Be Careful where You Go for Lesssons


Fiz


The principal is an ex-dancer and has been assessing Char and trying to find out why she has such difficulty with pointe. Here's what I was told this afternoon - she sickles her foot and she turns out from the knee, not the hip, so her feet aren't as strong as they might be. She went to the same school for seven years and they never picked that up! I now have the task in drilling her for turnout for the next several weeks and she has to practice picking up tissue paper with her toes to strengthen the right toe and feet muscles for pointe! Her ex school has 30+ pupils in each class and they only ever pay attention to the front (exam)lines. To say I am angry is an understatement. Please, all of you who have kids who dance, don't always asssume the principal is always right, because in this instance, she patently isn't.

A very angry Fiz. :clover:

Edited by Fiz

 

I hope that Char can develop the necessary rotation from the hip that will make turnout far easier for her. Sickling can be trained out and fairly quickly, compared to some other problems. I ought to know. I was so badly sickled in when I started, that it looked like I had club feet! It sounds like you are both making progress now, so "Press on!" say I!




Thanks for your sympathy and understanding, Major Mel! If you hear of a British housewife in prison for murdering a ballet teacher, you'll know it's me! :)

Edited by Fiz

 

Kathleen




 

Be grateful your DD's bad habits can be corrected and spread your wisdom (but not bad blood!)



Thought some of you might like an up-date - she is coming on in leaps and bounds (literally!) and is no longer having trouble with turn-out, sickling or pointe, which was really getting her down. Thanks to everyone who offered help and/or sympathy, especially Major Mel and Ami :yes: Fiz. xxx


With the money you would spend on litigation (assuming you could even successfully make this case given the degree of value judgement which would come into play) and then subsequently defending yourself with a countersuit for defamation, you could likely retain a principal for one-to-one instruction! Litigation in this instance would be pure folly and I commend you highly for not traveling down that road.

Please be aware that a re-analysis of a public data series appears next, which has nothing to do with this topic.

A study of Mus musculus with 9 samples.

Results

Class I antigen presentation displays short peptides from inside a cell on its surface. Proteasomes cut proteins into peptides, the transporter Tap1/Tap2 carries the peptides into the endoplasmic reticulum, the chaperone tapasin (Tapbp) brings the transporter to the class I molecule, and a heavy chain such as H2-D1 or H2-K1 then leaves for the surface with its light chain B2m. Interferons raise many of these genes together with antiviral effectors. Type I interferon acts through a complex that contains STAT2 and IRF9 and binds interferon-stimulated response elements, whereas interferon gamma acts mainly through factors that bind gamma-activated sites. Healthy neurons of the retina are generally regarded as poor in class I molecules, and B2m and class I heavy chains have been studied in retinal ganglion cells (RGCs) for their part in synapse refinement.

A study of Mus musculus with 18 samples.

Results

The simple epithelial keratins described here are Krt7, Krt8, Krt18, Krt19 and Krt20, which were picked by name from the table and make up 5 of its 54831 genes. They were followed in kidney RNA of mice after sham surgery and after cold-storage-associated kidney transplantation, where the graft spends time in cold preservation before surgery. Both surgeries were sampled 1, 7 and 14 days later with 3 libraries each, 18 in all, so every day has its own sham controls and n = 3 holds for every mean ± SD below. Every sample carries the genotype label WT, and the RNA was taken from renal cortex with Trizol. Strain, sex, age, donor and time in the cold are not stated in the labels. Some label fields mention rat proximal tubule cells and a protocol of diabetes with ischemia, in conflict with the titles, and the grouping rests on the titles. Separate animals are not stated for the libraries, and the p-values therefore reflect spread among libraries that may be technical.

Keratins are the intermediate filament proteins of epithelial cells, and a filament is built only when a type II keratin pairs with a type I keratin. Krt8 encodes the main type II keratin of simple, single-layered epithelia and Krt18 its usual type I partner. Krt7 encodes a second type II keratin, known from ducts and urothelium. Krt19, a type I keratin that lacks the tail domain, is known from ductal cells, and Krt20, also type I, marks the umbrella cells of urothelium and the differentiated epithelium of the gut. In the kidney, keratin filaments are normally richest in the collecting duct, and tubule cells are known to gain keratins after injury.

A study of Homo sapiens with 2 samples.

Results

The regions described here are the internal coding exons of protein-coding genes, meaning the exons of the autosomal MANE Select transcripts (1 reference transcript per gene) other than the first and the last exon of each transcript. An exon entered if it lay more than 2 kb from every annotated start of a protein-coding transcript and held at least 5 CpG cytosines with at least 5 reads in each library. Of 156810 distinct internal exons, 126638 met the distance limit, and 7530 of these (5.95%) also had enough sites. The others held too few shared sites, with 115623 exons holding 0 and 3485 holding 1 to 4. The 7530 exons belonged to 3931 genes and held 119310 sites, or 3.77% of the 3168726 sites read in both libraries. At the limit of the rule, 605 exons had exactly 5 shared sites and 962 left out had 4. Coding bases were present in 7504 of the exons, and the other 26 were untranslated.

. . . . [edited by moderator to remove non-ballet editorial on unrelated subject.]

 

Speaking of Mel, I have only been here but a few days and I am absolutely astounded at the depth and breath of his knowledge, not only about dancing, but all manner of other subjects. So much for the prejudice that dancers tend to be somewhat lacking in knowledge in areas outside their scope of expertise. Obviously this sterotype has very little basis in fact at least as far as Mel is concerning. I am learning volumes from Mel just perusing these posts. This is truly an incredible and fantastic forum.

 

 

[edited by moderator to remove unnecessary quote of immediately preceding post]

Edited by dancemaven

Yes, this was our experience. DD has a beautiful talent, which her enthusiastic teachers pushed without giving her the proper technical foundation and strength traiing. This led to a hip injury that took 2 years to heal and correct the muscle imbalances that had been developed. The lesson is that it is well worth it to go to a studio where proper technique is taught, the dance level is developmentally appropriate, and injury prevention is taken seriously.

 

 

Does any teacher think they are Dolly Dinkle? They always think it is someone else. I have had long conversations with teachers about to do something that they know is not the right thing, but in the fear of loosing a student they go ahead and do it anyway. That very talented student and the desire to show them off can cause teachers and parents to do all kinds of things prematurely. :rolleyes:

We have experienced something like this on a lesser scale. We have been warned that our daughter has not been taught to land correctly from jumps and if some corrections are not made she runs the risk of injuries.